World’s first stock exchange ‘was in Turkey’
Professor Elif Özer, head of excavations in the region for many years, says that the first stock exchange building in the Macellum area in the Roman-era ancient city of Aizanoi should be better promoted so that it’s recognizable to people around the world.
Özer has suggested ringing the opening bell of the stock exchange in Macellum just as the bell rings at the Istanbul, Tokyo or New York stock exchanges. The daily ritual would help promote the ancient site to the world, she said.
The Macellum area is known as the world’s first stock exchange because the term appeared in 304 A.D. after the Emperor Diocletianus issued a decree setting a ceiling price and sent this decree to many cities in the empire to combat inflation, Özer said.
“At that time, a round talus was made in the meat and fish market of Macellum, and all of the decrees were carved in inscriptions there. There were these inscriptions in other places, but Aizanoi was the only place where all of them existed. This is very important,” she said.
Aizanoi is known as the second Ephesus thanks to its 20,000-person-capacity amphitheater, 13,500-person-capacity stadium, a bath, a street with pillars, a necropolis as well as the world’s first stock exchange.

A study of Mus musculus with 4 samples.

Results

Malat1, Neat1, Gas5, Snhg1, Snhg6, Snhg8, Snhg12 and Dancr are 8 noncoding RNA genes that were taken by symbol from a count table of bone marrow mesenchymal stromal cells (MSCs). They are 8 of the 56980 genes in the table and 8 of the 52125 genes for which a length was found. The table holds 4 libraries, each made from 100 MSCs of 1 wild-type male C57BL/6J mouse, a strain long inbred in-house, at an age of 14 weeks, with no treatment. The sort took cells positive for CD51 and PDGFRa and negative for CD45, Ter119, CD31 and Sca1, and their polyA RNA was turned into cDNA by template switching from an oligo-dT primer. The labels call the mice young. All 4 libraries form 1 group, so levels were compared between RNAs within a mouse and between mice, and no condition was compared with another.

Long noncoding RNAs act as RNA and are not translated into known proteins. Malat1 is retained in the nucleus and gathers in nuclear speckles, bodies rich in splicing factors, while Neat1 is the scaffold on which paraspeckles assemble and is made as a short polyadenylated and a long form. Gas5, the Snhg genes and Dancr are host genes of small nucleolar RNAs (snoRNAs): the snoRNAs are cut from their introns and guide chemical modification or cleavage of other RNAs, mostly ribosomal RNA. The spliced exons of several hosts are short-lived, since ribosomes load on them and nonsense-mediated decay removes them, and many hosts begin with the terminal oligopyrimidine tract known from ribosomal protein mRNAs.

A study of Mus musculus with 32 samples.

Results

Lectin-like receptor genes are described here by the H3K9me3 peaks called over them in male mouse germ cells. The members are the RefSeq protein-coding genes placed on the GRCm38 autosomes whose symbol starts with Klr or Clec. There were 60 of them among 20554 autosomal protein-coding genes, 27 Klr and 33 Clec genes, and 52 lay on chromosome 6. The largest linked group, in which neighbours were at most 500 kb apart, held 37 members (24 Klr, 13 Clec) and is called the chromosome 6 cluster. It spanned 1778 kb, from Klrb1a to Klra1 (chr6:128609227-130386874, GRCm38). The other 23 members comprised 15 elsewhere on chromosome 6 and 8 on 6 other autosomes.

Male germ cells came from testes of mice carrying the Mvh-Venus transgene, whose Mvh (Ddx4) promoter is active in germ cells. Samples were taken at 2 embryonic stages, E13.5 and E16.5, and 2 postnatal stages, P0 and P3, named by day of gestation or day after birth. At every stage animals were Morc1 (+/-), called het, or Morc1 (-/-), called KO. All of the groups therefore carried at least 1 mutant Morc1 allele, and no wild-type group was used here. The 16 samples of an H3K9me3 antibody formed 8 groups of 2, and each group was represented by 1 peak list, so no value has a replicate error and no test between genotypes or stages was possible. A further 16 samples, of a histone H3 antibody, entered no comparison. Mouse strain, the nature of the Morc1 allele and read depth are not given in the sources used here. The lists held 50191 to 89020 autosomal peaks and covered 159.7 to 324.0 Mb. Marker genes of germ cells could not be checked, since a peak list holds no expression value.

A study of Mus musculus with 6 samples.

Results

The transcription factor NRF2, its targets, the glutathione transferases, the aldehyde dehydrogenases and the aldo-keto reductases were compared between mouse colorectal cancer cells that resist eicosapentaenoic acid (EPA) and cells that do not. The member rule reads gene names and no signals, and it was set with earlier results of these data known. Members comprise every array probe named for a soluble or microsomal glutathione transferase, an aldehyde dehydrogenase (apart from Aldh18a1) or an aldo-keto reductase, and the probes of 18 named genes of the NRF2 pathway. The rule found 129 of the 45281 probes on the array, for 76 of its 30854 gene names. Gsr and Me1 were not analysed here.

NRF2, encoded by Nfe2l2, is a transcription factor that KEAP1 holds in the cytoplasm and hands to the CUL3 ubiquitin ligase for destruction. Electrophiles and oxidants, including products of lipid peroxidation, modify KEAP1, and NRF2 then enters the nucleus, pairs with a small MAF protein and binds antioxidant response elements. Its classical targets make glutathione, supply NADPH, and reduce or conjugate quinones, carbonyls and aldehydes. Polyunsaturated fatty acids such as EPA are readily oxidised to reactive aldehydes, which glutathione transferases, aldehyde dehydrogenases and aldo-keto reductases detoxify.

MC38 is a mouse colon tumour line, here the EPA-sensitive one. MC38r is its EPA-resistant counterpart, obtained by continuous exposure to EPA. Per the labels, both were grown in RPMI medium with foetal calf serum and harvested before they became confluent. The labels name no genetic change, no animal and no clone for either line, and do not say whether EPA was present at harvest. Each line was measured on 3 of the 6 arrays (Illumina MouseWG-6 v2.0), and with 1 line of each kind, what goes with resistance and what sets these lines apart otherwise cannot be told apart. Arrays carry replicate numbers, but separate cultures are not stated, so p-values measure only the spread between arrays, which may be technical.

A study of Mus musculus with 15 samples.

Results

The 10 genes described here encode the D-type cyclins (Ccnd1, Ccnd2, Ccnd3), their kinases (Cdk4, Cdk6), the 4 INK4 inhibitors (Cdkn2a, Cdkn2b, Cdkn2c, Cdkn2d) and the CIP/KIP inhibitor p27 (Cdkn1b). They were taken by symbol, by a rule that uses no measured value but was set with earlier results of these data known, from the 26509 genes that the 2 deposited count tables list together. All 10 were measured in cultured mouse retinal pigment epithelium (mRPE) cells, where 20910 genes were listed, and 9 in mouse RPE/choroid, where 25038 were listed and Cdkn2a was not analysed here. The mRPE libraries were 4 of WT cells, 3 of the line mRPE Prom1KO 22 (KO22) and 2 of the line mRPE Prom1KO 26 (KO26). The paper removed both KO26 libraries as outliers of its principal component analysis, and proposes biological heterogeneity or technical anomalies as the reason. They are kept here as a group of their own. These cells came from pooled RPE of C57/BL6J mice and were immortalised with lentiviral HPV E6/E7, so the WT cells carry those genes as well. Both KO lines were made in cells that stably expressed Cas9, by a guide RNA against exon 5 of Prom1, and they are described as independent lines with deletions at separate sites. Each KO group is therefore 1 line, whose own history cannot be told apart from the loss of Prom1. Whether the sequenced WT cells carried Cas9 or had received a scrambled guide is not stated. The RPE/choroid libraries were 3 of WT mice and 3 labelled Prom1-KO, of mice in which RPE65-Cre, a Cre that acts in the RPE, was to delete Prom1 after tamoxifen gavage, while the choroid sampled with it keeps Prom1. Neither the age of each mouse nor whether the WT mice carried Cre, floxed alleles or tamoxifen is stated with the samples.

The name “Aizanoi” comes from the mythological hero “Azan.” The city is believed to date back to 3,000 B.C. During the Hellenistic era, Aizanoi was periodically seized by the Pergamon Kingdom and Bithynia. The city later fell under Roman rule but gradually declined in importance in the early Byzantine era.
Aizanoi lost its importance around the seventh century. The flat area around the Temple of Zeus was transformed into a fortress in the Middle Ages and used as a base by the Çavdar Tatars in the 13th century. This is why the area was named Çavdarhisar.
The decree of the official fixed prices, determined by Emperor Diocletian, are located in the round building, which was unearthed after an earthquake in 1970. This decree shows the prices of some 1,500 main items used in the trade of the fourth century. It is estimated that these decisions were equal to today’s stability packages, which are made after an economic depression.